Definition of bankruptcy: The legal process initiated when an individual or company is unable to repay their debts.
What is bankruptcy?
Bankruptcy means different things in different countries.
Bankruptcy is the ultimate method through which an individual or business can escape unaffordable debts.
In the UK, bankruptcy only refers to the process for individuals. Business bankruptcy is known officially as insolvency and is dealt with via the process of administration or liquidation.
Bankruptcy is a very severe and irreversible process, therefore the government does not advise individuals to apply for bankruptcy until all other options have been tried, such as:
- Arranging better payment terms directly with lenders
- Entering into an individual voluntary arrangement (IVA) with all lenders
- Restructure debts, with the aim of replacing higher interest rate debts with longer-term debts with lower monthly payments.
There are two ways an individual can be made bankrupt.
- By applying directly to the government to become bankrupt
- By being made bankrupt by someone else petitioning the government
You can be bankrupted at someone else’s request on the following grounds:
- You owe over £5,000 and cannot pay your debts
- You breach the terms of an IVA
- You lied to obtain an IVA
What is it like to become bankrupt?
Once triggered, the impact of becoming bankrupt is similar. Bankruptcy can be humiliating and financially crippling. However, this is still an attractive proposition for those who are being harassed on a daily basis for debts that they cannot feasibly repay.
Your assets can be liquidated and used to repay your debts.
This can leave you literally ‘penniless’. You must be honest and transparent about your assets when dealing with the court or whoever manages your bankruptcy.
You will be subject to restrictions for at least 12 months
- You must declare your bankrupt status to any potential lender for a loan > £500.
- You cannot act as the director of a company with the court’s prior written permission
- You cannot create, manage or promote a company without the same permission.
- You cannot manage any business (even business undertaken as a sole trader) without declaring your bankrupt status to customers and suppliers.
Breaking these rules is a criminal matter which could result in fines or a jail sentence.
You will feature on the Individual Insolvency Register
This is a register of public record which many lenders and businesses will check against when performing identity checks, credit checks or background checks.
These tough rules are designed to reduce the likelihood of debts accumulating again.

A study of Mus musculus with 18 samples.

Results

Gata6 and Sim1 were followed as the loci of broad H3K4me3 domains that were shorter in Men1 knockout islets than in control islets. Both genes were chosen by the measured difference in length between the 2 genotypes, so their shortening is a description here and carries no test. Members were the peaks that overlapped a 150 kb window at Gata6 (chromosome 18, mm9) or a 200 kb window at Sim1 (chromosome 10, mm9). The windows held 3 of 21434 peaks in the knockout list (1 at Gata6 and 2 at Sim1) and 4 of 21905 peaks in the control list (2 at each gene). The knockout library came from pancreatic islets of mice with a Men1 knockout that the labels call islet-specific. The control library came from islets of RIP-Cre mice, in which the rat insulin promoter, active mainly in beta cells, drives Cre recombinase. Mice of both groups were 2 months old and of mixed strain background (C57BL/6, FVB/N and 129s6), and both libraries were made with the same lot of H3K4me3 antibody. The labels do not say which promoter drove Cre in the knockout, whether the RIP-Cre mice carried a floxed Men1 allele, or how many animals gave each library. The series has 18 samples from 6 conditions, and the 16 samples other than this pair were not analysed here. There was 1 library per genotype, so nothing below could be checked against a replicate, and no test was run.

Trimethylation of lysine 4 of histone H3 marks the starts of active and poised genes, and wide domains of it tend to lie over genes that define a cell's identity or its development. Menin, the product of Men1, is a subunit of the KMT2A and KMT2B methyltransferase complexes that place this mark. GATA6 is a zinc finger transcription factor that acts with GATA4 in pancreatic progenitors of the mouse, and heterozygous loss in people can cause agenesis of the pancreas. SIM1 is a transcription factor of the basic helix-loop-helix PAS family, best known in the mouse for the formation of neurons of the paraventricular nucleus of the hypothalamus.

Why does bankruptcy exist?
The purpose of bankruptcy is to avoid a situation in that an individual is harassed for the rest of their life for debts that they couldn’t possibly repay.
Accumulating unaffordable debts can be seen as irresponsible behaviour, however it’s worth remembering that even honest, legitimate self employed workers and other individuals can find themselves in financial difficulty due to a variety of factors which could be out of their control:
- Business failure after taking a reasonable risk
- Significant losses on personal investments
- Personal loss through insured theft, flood or natural disaster
- Personal loss through fraud or deception
It feels morally justified that the state provides a way for individuals to pay everything they can, and then clean their slate.
If someone is hounded by a debt which will take the rest of their lives to pay off – they will have no incentive to earn any income as all the proceeds would simply go to the creditors.
Thanks to bankruptcy, an individual will regain the incentive to become an economically active member of society and maximise their income and taxes paid over the rest of the lifetime, which is in the interests of wider society.
How is the phrase bankruptcy used in a sentence?
“The individual who has filed for bankruptcy has no assets left to their name, and wishes turn their life around.”
How does the definition of bankruptcy relate to investing?
If you read business books or entrepreneurship books that cover the personal tales of rich and wealthy investors and business people, you will frequently see references to bankruptcy. Check out our article about rich and famous people who have been made bankrupt.
Entrepreneurs and sophisticated investors often take large risks, and when those don’t pan out – bankruptcy is often the natural conclusion.